Earlier this month, Gov. Bill Ritter signed into law the hotly contested mill levy freeze, a legislative effort to make local school districts shoulder the burden of public education.
By many accounts, the controversy is just beginning. The freeze, an amendment to the School Finance Act, would allow the state to kick fewer dollars toward public schools, freeing up monies for other programs. The initiative succeeded on a partisan vote, with Republicans deeming it a tax increase.
Now, some of the freezes opponents vow a lawsuit, saying it violates the Taxpayers Bill of Rights, or TABOR. Jon Caldara, president of the libertarian Independence Institute, likened the measure to fiscal date rape as he announced his battle.
El Paso County Commissioner Douglas Bruce, who authored TABOR, says he doesnt expect to be named a plaintiff in the suit but will serve as an advisor.
Tax Ritter is going to be the governors name of choice among conservatives for as long as he is there, says Bruce, who adds that he has urged Attorney General John Suthers to file suit. NZ
D-8 opens superintendent search
Dwight Jones was not a micromanager, Cheryl Walker says. And if the Fountain-Fort Carson School District 8 superintendent leaves, as expected, to become Colorado's next education commissioner, the district will do just fine with someone similar.
"We don't need someone to come in and fix everything," says Walker, assistant superintendent for business services. "We have good infrastructure."
Jones, who's been with D-8 since 2003, is the sole finalist in State Board of Education's search for a new commissioner, with an offer expected May 24. Under Jones' direction, the district has raised graduation rates, closed achievement gaps and increased student scores on statewide tests.
The school board has posted the superintendent position on its Web site and is accepting applications from both in and outside the district until June 18.
The district, which includes 5,900 students and expects thousands more as troops surge into Fort Carson in the next few years, will feel the loss, Walker says. She describes Jones as having a great drive to push everyone, including himself, to provide better services to the students. AL
Cops sue city for overtime
Five career Colorado Springs police officers, alleging they regularly worked unpaid hours, have filed a lawsuit against the city that if successful, a city attorney says, will cost taxpayers millions of dollars.
The suit seeks class-action status for the 400-officer department. It claims that for several years, the department did not pay officers for routine tasks such as completing case reports, gearing up for duty and fueling their vehicles.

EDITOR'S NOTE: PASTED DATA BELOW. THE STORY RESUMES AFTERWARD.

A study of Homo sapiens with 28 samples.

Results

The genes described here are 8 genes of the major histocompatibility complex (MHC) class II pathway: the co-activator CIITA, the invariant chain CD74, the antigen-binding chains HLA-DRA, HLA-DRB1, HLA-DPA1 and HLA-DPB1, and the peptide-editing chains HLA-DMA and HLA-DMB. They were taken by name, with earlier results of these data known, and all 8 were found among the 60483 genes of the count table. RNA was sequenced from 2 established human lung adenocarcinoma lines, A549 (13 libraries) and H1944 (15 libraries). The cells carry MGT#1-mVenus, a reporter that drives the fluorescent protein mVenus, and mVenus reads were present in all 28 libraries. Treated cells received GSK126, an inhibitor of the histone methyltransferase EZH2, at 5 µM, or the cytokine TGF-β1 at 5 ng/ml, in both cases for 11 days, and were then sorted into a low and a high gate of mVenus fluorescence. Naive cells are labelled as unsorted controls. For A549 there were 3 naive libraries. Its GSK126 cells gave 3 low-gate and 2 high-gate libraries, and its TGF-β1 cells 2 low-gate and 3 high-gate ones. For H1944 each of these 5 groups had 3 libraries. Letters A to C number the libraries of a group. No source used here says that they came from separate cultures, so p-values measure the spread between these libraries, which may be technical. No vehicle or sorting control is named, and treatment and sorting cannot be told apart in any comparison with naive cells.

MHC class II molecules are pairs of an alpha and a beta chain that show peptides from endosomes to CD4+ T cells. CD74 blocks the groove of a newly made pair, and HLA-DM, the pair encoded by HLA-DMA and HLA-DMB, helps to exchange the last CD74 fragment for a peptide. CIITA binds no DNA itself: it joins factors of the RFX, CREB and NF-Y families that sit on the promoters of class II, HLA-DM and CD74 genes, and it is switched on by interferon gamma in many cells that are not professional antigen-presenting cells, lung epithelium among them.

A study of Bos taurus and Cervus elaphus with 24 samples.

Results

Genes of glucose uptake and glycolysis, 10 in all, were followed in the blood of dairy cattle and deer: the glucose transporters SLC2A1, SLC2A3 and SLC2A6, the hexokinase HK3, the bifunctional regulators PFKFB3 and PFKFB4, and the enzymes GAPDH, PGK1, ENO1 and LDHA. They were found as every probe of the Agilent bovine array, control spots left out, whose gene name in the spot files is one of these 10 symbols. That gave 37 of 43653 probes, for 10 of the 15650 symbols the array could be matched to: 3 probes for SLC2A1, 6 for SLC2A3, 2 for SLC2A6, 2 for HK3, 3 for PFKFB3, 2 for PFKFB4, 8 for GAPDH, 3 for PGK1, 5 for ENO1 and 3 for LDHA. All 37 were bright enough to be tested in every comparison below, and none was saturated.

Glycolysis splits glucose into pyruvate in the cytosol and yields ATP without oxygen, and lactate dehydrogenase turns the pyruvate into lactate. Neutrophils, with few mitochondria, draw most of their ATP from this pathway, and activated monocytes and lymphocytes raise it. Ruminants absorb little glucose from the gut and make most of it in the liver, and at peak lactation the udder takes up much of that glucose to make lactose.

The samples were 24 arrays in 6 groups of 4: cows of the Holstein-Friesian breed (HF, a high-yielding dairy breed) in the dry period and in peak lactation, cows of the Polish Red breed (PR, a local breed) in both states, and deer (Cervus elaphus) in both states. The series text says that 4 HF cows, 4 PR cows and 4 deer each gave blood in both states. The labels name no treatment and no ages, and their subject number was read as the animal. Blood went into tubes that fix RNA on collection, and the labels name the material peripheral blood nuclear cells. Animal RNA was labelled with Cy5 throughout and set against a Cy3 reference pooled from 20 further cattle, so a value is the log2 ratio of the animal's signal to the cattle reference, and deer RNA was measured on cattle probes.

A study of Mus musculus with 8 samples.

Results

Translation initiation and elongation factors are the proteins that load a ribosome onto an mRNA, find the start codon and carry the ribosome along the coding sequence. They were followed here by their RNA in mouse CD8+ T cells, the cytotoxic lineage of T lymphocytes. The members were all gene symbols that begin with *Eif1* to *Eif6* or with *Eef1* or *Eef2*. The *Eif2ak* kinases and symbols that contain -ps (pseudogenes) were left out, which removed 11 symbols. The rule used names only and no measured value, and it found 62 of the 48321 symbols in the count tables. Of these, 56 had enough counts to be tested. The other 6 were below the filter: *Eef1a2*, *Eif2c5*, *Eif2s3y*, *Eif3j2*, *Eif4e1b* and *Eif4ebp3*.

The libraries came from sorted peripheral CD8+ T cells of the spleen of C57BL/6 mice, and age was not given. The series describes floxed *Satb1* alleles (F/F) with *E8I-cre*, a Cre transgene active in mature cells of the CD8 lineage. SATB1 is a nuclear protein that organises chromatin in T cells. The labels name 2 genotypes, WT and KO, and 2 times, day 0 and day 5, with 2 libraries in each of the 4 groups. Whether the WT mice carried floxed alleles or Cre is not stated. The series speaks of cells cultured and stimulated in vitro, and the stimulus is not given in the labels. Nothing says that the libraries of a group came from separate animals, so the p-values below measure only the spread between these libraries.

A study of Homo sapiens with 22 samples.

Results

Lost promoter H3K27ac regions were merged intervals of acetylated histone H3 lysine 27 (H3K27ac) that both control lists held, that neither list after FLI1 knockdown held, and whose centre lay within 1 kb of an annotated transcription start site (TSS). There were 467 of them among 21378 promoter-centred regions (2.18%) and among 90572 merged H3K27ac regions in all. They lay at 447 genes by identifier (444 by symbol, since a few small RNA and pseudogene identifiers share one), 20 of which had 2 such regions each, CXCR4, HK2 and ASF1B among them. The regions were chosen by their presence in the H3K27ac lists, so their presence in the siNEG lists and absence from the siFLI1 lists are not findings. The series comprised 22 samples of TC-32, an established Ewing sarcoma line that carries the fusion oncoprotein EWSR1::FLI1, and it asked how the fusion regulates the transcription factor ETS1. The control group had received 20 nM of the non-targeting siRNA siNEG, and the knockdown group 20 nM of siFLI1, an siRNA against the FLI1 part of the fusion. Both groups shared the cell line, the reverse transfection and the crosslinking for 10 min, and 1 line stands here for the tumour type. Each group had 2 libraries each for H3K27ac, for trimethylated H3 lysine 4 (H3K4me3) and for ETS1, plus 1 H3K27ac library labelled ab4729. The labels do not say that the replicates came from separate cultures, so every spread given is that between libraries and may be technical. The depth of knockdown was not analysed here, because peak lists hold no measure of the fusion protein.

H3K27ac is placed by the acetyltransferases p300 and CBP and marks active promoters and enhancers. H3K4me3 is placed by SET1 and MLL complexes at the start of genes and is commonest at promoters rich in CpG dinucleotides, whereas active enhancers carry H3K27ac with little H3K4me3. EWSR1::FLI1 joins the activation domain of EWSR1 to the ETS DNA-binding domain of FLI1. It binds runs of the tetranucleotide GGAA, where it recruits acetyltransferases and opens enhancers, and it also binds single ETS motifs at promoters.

"Police officers are required to complete all of the off-the-clock work and are subject to disciplinary action if not completed," alleges the suit, filed April 13 in U.S. District Court.
The suit claims the department violated the federal labor law that sets minimum wage and overtime standards. Generally, U.S. workers who toil more than 40 hours in a week are entitled to receive at least one and one-half times their regular pay for the extra hours, according to the U.S. Labor Department.
Deputy City Attorney Stacy Gatto says the city plans to aggressively fight the case.
"It doesn't appear the allegations have merit," she says, declining to elaborate since the city has yet to file paperwork. MdY
Attacks on homeless spike
A small group of men in their early 20s have repeatedly entered homeless camping areas with baseball bats and beaten homeless men.
Bob Holmes of Homeward Pikes Peak says eight men have been assaulted in recent weeks. Colorado Springs police have been notified of only two incidents. One man said he was attacked while looking for the perpetrators, but police suspect it was a case of transient-against-transient violence.
"Homeless people don't tend to run to the police when they have a problem," says Holmes. "A lot have arrest warrants."
Holmes hung signs at area service agencies, asking those with more information to come forward. So far, the perpetrators have not been caught. Holmes hasn't heard of additional attacks.
A homeless man was also stabbed at a camp on Monday. Police arrested a woman hiding in a nearby apartment complex, whom the man identified as his assailant. Holmes didn't know if the recent incident was connected to the beatings.
If you have any information regarding the attacks, call 444-7958 or 444-7452. NZ
Colorado group backs national green bills
The Global Warming Pollution Reduction Act in the U.S. Senate and Safe Climate Act in the House could help prevent global warming, according to Environment Colorado.
Matthew Garrington, spokesman for the group, says research shows the global-warming trend threatens the state economy with drought and forest fires.
"One obvious worry is tourism," he says.
The companion bills require better energy efficiency and the use of more renewables, such as wind and solar power. If passed, the bills by 2050 could reduce U.S. global warming by 80 percent.
Earlier this month, a United Nations panel found that if nothing changes, global pollution will skyrocket by as much as 90 percent by 2030, compared with 2000 levels. To prevent the advance of global warming, local, state and national governments should use existing technologies to cut harmful emissions in half by 2050, the panel found. MdY
Compiled by Amanda Lundgren, Michael de Yoanna and Naomi Zeveloff.